Note: This article presents a sequel to Part One of Callum Ang's story (Pseudonym; Author's name has been changed to protect privacy)
When I was 21, I couldn’t take the mental health side effects of the steroids anymore as they were making me feel terrible. I felt very frustrated that I couldn’t sleep and get the rest that my body needed. After consulting with my doctor, I decided to taper off the medication. However, after I stopped taking it, I experienced an episode of severe fatigue after a university exam. I lost the stamina required to continue my studies. I was in the middle of my second year and couldn’t even complete my assignments. I wanted to withdraw from school as I felt that I wouldn’t be able to regain the strength needed to cope with the demands of the university. But my mum wisely advised that I should apply for a medical leave of absence instead, to leave the door open for me to get a degree. Subsequently, after hearing from my doctor, I went back on the steroids but on a lower dose, and I felt much better mentally. I eventually returned to my studies after a meet and greet session with my favourite soccer team and members of the team encouraged me to at least try and finish my course.
When I was 24, I started to face an existentialist crisis when a church member questioned my faith and told me that I can never glorify God for as long as I have a disability unless I pursue deliverance and get healed from it. They even threatened that if I didn’t confess my sins to them, I’d be hindering God’s healing of my condition. I felt rejected and hurt by this as it never occurred to me that my disability has ever disgraced God. For a while, those words made me believe that I am a disgrace to God and that I should never have been born in the first place. I endured many sleepless nights because I thought I was sinning so much and I should not even exist. Ironically, that didn’t make me want to kill myself. Instead, I became closer to God!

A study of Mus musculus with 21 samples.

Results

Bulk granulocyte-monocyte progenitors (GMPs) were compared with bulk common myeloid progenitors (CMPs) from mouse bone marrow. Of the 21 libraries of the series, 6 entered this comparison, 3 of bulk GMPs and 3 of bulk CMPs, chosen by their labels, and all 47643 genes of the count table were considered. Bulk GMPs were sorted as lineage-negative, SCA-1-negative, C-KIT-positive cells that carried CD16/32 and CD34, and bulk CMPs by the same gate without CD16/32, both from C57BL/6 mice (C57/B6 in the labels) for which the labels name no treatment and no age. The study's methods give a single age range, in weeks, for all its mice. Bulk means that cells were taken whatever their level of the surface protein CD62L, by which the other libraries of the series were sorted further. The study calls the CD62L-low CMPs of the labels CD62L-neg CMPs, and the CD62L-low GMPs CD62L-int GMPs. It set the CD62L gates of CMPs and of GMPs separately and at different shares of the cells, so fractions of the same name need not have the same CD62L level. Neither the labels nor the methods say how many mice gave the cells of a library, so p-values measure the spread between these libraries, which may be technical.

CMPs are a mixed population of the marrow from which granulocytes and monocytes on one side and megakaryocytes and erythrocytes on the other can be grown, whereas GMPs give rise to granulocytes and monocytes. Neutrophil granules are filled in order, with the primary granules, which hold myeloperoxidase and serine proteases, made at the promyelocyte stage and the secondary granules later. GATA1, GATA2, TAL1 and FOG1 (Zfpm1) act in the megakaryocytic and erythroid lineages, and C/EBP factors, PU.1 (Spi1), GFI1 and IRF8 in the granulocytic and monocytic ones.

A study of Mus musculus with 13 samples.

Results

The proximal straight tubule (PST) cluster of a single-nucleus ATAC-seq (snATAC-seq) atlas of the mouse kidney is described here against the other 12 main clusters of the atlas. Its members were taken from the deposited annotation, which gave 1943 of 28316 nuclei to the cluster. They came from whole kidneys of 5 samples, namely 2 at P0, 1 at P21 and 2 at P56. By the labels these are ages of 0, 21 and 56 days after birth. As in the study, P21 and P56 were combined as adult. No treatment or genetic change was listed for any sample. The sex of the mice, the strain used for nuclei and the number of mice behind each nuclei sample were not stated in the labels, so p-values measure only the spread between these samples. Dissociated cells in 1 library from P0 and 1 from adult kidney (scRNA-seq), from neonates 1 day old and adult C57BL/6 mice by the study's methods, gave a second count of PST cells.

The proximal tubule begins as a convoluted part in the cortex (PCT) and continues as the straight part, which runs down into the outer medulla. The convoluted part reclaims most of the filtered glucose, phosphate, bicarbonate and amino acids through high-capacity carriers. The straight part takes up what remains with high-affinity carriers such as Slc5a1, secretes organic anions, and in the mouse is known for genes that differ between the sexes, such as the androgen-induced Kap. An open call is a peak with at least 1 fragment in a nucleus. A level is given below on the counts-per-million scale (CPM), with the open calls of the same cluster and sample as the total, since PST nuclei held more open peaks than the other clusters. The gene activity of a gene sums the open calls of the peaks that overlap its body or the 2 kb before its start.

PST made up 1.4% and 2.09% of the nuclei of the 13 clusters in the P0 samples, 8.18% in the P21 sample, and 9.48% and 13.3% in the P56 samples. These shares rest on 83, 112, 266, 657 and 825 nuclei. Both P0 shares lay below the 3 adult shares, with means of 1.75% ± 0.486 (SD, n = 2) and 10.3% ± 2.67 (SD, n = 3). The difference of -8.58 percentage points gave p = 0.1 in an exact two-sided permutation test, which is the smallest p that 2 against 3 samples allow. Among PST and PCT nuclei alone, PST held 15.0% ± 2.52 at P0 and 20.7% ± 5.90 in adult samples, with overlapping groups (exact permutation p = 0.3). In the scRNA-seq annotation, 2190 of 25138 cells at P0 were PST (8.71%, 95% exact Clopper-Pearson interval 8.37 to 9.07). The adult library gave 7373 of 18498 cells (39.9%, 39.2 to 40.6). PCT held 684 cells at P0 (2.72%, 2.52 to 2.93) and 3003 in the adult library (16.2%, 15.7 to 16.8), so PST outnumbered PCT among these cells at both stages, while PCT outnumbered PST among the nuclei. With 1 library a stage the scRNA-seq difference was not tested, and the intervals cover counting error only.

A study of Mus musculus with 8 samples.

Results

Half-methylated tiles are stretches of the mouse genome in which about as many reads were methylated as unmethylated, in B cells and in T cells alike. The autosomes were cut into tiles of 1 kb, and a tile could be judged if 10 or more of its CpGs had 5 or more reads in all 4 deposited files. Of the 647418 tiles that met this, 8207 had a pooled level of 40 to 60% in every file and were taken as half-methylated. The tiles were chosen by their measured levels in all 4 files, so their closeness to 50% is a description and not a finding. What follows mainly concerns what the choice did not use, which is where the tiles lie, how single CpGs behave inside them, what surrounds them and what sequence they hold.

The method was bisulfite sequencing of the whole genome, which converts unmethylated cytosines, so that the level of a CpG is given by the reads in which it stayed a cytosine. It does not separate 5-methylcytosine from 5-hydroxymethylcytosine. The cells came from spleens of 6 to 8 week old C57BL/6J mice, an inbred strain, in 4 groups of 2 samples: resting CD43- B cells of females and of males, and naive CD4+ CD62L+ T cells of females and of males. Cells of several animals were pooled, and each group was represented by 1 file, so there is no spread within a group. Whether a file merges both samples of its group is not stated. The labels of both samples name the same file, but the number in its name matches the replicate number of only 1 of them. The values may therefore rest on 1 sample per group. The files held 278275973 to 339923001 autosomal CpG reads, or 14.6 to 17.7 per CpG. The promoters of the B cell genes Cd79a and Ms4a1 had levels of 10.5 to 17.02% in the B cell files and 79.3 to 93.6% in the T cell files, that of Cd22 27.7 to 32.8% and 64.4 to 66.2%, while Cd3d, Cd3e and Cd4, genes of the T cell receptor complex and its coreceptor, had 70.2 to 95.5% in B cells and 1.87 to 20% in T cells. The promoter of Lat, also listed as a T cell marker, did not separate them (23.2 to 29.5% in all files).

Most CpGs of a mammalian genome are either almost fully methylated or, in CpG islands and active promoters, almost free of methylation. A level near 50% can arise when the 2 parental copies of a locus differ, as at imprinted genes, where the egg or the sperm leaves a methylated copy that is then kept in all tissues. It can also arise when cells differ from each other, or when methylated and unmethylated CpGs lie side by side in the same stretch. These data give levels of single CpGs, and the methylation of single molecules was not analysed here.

I embarked on the most challenging phase of my life when my brother, whom I looked up to the most in this world, passed away. I’ve been feeling very lost and alone since he left me as he was the only person who could fully understand what I’ve gone through my entire life as we shared the same condition. I’ve been feeling depressed ever since then and am still coming to terms to life without him. I don’t think I will ever stop grieving over his passing. Since his passing, I started taking anti-depressants as my mental health took a turn for the worse when an episode of compulsive decluttering led to immense grief and sense of loss. I began to have a lot of thoughts about death, which became too much for my family to bear. I even took a liking for dark comedies and enjoyed talking about death. Since I’ve been on psychiatric drugs, my mood has improved significantly, and my obsessive tendencies are now under control. But I’ve also been going through a quarter-life crisis and coping with my parent’s anxiety over my desire for greater independence as I approach the end of my studies.
It’s been a little over a year since my brother went to be with God, and the past months have been an emotional rollercoaster for me. But because of him, I’ve managed to find a more profound strength through my faith and have not looked back since. I want to dedicate the rest of my life to honouring my brother’s memory by striving to be a disability educator. Be it physical disability or mental health issues, I believe they should all be legally and formally recognized as areas where people need support and help rather than judgement.